Newsom signs LGBT teacher training bill
Assembly Bill 493, the Safe and Supportive Schools Act of 2019, will require annual training for teachers and certificated staff, such as guidance counselors and librarians, with the goal of creating a safer and more supportive school environment.
AB 962 will require hospitals to release information about how much contracting they do with businesses owned by members of historically disadvantaged groups, including women, racial and ethnic minorities, and the LGBT community.
The Safe and Supportive Schools Act was introduced by Assemblyman Todd Gloria (D-San Diego), who said in a news release that the legislation was influenced by his own painful past as a gay student in school.
"The bullying and name calling I experienced in school as a young gay kid is still a reality for today's LGBTQ youth. No child should have to experience that," said Gloria. "Equipping educators with resources to better support LGBTQ students will create a safer and more inclusive environment for these students to be successful."
The law requires that the California Department of Education create a training program by 2021 that focuses on the issues LGBT students have to deal with. It was co-sponsored by Equality California and state Superintendent of Public Instruction Tony Thurmond, who tried to get a similar bill passed last year while he was in the Assembly. Former Governor Jerry Brown vetoed that bill due to its price tag. AB 493 is estimated to cost between $250,000 and $1.3 million for school districts to implement.
Supporters said the training will help school employees deal with the verbal and physical abuse that many students — both those who are or will become LGBT, and those who are perceived that way — have to deal with frequently, sometimes on a daily basis.
According to a 2015 GLSEN report, nationwide, 85% of LGBT students have faced verbal harassment at school and 27% have faced physical harassment.
A total of 58% of the LGBT students surveyed said that they felt unsafe at school because of how people respond to their sexual orientation and/or gender identity.
"I'm very excited that AB 493 got signed into law," Assemblyman Phil Ting (D- San Francisco) said in a phone interview with the Bay Area Reporter. "It sets a good trend to make sure teachers are properly trained and support LGBT people.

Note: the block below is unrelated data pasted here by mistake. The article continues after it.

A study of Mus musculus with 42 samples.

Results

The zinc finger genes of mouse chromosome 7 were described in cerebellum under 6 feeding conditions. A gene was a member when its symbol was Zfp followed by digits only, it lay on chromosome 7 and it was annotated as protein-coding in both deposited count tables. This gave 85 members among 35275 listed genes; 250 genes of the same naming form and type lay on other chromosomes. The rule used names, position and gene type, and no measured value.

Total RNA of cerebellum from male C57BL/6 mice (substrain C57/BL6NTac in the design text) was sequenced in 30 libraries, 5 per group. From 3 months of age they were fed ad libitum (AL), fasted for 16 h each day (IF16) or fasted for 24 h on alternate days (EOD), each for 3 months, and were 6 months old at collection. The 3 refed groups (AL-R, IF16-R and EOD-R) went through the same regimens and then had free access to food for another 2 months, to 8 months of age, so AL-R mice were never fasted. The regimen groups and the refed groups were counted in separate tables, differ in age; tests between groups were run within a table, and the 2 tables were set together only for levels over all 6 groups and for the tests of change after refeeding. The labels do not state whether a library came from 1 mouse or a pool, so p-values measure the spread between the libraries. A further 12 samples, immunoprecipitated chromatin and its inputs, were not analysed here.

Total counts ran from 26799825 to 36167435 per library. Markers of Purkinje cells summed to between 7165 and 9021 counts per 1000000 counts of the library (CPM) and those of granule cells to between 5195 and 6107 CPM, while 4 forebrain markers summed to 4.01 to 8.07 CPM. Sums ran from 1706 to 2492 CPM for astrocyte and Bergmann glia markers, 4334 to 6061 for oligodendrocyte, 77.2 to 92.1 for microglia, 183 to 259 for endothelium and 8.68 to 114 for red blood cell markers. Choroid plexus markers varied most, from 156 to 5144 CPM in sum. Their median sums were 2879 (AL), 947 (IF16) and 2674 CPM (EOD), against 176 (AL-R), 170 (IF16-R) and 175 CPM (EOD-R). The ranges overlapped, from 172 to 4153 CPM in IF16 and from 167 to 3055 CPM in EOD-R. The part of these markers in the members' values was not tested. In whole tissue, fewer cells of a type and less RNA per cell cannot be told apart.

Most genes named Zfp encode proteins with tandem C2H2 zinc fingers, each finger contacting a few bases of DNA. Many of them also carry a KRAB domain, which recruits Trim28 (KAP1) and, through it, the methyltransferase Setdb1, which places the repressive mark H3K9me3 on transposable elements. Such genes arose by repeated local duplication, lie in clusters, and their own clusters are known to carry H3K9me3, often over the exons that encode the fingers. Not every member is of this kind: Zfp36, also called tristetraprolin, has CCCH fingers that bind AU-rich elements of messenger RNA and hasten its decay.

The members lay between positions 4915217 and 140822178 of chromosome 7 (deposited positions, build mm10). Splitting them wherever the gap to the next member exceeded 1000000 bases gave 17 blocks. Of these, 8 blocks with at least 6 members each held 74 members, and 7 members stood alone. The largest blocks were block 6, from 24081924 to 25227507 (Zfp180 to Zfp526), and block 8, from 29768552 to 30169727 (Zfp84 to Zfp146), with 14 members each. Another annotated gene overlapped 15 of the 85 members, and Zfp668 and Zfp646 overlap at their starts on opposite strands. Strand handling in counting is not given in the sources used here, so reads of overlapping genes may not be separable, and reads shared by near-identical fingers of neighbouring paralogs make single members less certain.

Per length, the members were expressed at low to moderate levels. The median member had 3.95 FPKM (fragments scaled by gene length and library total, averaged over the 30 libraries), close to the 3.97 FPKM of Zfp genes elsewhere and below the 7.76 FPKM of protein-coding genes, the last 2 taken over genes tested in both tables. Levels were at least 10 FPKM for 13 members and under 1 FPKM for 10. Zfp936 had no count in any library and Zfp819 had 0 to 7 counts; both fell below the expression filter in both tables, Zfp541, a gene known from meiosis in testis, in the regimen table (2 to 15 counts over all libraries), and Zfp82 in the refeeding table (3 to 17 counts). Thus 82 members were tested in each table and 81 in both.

"Bullying is up, not only or LGBTQ people but for everyone," he added.
Also praising the signing in a phone interview with the B.A.R. was gay state Senator Scott Wiener (D-San Francisco).
"This is an important step toward full inclusion of LGBT kids in our schools," said Wiener. "It creates a foundation for working toward ensuring global training of teachers about how to support our LGBT kids."
Assemblyman David Chiu (D-San Francisco) said the new law will help students.
"No student should ever have to compromise who they are in order to succeed, and we must ensure all LGBTQ students have the support they need for their future," he said in a statement.
"California is taking the necessary steps to ensure that a student's sexual orientation or gender identity is never an obstacle in pursuit of an education."
Maggie Riddle, director of K-8 schools for the Berkeley Unified School District, pointed out it implements the Human Rights Campaign's Welcoming Schools curriculum in K-5 schools.
"We actively teach students about individual and family diversity," she wrote in an email. "Many of our schools have LGBTQ parent/guardian groups, and some if not all of our middle schools have LGBTQ student clubs or gay-straight alliances."
EQCA officials said that Newsom furthered the state's commitment to protecting LGBTQ young people.
"Today, Governor Newsom sent a loud and clear message to LGBTQ students across California that we have their backs," EQCA Executive Director Rick Zbur said in an October 12 statement. "The Safe and Supportive Schools Act will not only start a multi-year process to ensure that teachers and school staff have the tools and training they need to support their students, but it will put California on a path to serving as the gold standard for school climate."
Newsom signed the law as part of a package of education bills.
AB 962 was introduced by Assemblywoman Autumn Burke (D-Inglewood) and Assemblyman Rob Bonta (D-Oakland). In an attempt to promote diversity among contractors with hospitals that have budgets above $25 million, the new law requires California hospitals to publicly disclose how much they are contracting with LGBT-owned businesses as well as those owned by women, minorities, and other disadvantaged groups.
As the B.A.R. previously reported, the transparency requirement is aimed at seeing more such companies benefit from the estimated $230 billion the state's hospital industry spends annually. It mirrors recent efforts to encourage other industries in the state, from public utilities to transportation agencies, to also increase their contracts with minority-owned firms.
The law requires hospitals to report their supplier diversity broken down by minority-, women-, LGBT-, and veteran-owned businesses. It is similar to a bill that went into effect in 2015, AB 1678, that required electrical, gas, water, and other public utilities with annual revenues of more than $25 million to include LGBT-owned firms in their contracting diversity outreach efforts.
Updated, 10/15/19: This story has been updated with school officials' comments.